Why Ryan Gosling is totally right about keeping a dream journal.

By Catherine DiBenedetto
May 01, 2015

“You know, you chum the waters and see what you can get,” Gosling explained in an interview with The Creators Project. “I know that sounds kooky, but [a dream is] like a symbol to represent a lot of things, and it gives you shorthand.”

Gosling is on to something: Studies suggest that our dreams may help us process emotions and even problem-solve after lights out. Recording the details of your nocturnal imaginings can help you gain insight, says Dierdre Barrett, PhD, a clinical assistant professor of psychology at Harvard Medical School.

In her book The Committee of Sleep ($16, amazon.com), Barrett recounts how some of the world’s most creative people—from Salvador Dali to Stephen King, and Beethoven to Ghandi—have used revelations from the dream world to inform their work.

The key to keeping a journal, she says, is writing just after you wake: “Almost half of dream content is lost as soon as you get distracted,” she explains, so before you even get out of bed, “lie there, replay the dream, then write it down.” Keep a journal and pen on your nightstand, or download an app to your phone and keep it nearby.

Her research indicates that dreams can be especially helpful for people who are struggling with grief. In a landmark study from 1988, she looked at the dreams of college students who had recently lost a loved one and found that during the early stages of mourning, their dreams tended to be quite upsetting. “The deceased came back to life and died again, or even beckoned the survivor to join them.” But after a few months, the dreams became a source of comfort to the students, featuring warm goodbyes, for example, or advice from the loved one.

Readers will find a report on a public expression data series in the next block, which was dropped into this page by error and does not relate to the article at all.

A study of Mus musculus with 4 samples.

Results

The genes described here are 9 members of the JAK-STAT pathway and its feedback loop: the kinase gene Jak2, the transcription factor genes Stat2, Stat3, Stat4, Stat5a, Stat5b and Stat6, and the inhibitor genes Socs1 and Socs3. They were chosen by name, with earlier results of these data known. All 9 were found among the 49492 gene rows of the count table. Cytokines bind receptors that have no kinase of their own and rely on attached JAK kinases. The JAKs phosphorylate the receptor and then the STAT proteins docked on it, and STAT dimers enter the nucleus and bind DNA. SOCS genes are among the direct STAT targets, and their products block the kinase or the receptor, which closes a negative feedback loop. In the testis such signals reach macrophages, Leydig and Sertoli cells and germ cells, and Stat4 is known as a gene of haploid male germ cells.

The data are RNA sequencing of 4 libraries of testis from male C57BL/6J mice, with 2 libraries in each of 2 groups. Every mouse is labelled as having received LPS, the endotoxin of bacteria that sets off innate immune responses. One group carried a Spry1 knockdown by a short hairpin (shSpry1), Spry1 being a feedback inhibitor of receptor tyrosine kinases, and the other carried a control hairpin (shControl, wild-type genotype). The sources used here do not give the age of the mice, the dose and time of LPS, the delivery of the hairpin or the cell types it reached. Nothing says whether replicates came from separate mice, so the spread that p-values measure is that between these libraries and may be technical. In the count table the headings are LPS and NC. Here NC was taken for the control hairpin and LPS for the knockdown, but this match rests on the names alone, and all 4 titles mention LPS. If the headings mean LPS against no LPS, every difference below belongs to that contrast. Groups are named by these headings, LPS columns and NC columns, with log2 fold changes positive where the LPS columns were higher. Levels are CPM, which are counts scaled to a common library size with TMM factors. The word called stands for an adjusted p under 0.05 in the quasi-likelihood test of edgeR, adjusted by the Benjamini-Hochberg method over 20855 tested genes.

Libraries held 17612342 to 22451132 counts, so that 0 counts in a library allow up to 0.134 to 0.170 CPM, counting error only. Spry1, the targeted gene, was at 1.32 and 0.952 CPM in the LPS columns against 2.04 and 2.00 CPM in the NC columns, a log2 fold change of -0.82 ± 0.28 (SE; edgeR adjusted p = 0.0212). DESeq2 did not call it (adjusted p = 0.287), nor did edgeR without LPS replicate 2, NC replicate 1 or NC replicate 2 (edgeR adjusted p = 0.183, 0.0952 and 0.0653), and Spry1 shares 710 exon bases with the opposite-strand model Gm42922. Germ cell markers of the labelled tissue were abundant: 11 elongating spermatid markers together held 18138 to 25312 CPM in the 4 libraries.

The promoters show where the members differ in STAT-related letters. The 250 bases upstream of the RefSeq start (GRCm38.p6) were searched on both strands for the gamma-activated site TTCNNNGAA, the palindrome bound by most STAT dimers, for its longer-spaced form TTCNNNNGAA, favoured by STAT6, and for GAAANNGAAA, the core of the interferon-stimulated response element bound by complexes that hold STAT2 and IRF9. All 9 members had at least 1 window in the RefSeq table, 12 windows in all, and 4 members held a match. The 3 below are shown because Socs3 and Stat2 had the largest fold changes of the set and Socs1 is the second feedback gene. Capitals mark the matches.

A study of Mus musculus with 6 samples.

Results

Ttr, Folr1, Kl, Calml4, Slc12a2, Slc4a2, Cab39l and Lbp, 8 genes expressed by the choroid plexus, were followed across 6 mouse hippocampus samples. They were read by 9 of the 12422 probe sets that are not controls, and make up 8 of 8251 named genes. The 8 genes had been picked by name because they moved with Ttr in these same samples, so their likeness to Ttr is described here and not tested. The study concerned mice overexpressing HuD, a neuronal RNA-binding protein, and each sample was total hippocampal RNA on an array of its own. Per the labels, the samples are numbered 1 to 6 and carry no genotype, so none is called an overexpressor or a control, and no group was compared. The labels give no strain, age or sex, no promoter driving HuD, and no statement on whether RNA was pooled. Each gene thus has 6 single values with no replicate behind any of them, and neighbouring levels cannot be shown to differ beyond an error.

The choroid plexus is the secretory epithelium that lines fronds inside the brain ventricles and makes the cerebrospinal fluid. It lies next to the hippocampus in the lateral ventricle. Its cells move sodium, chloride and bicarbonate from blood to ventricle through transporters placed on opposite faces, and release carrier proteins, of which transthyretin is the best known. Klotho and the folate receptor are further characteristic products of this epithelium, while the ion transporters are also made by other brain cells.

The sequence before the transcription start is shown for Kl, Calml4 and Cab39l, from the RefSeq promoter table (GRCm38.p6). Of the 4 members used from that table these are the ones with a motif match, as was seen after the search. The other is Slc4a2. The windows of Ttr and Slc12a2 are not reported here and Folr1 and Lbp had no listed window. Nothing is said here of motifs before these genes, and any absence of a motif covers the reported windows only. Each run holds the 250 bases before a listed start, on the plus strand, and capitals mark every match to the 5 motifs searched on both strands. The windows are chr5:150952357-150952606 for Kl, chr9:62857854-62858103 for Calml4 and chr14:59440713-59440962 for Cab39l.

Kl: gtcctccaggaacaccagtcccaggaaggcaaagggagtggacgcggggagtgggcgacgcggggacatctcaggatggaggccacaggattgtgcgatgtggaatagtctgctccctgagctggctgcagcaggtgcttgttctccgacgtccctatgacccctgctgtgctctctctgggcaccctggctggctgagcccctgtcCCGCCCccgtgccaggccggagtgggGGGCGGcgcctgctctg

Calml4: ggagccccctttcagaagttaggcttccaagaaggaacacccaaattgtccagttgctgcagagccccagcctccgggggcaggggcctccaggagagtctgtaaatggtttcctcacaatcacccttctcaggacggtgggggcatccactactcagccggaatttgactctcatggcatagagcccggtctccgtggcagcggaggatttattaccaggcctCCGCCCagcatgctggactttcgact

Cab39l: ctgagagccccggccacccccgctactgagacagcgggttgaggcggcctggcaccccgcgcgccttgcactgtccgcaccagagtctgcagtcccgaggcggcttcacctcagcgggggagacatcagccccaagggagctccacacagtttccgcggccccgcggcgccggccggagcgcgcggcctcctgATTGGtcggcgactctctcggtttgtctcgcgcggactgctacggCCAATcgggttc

A similar shift can happen for people who are having repetitive nightmares after a distressing experience, Barrett says. She calls the turning point a “mastery dream.” “It starts out like the nightmare, reenacting the real-life trauma, and then instead someone rescues them, or they fight off the attacker, or the threat shrinks down to nothing and blows away.” Rewriting the end of their story in their mind has a healing effect that carries over into the daylight, explains Barrett, who explores this phenomenon in an earlier book Trauma and Dreams ($34, amazon.com).

There is also evidence that dreams help us learn. In a 2010 study published in Current Biology, subjects were asked to navigate a virtual maze, then try again after napping or relaxing for 90 minutes. On the second go, subjects who had slept and dreamed about the maze during the break performed substantially better than everyone else.

Whether you’re seeking the solution to a puzzle at work, a creative breakthrough, or an emotional epiphany, writing out your dreams can't hurt, and you may even want to go a step further to tap their power. Dr. Barrett recommends a technique called dream incubation, which means planting a seed in your mind for the dream you wish to have before you drift off.

“For example, people having grief dreams or post-traumatic [nightmares] can tell themselves as they’re falling asleep that they’d like to have a different [experience] that night: A beautiful visit from their loved one, or a resolution to their traumatic event,” she explains. It may take some time and practice, but the strategy should work for any topic you want to reconsider in your sleep, says Dr. Barrett—from everyday problems to life-altering decisions.

Or maybe you’re just in need of a sweet dream—perhaps a visit from Ryan Gosling? Incubation could work for that, too.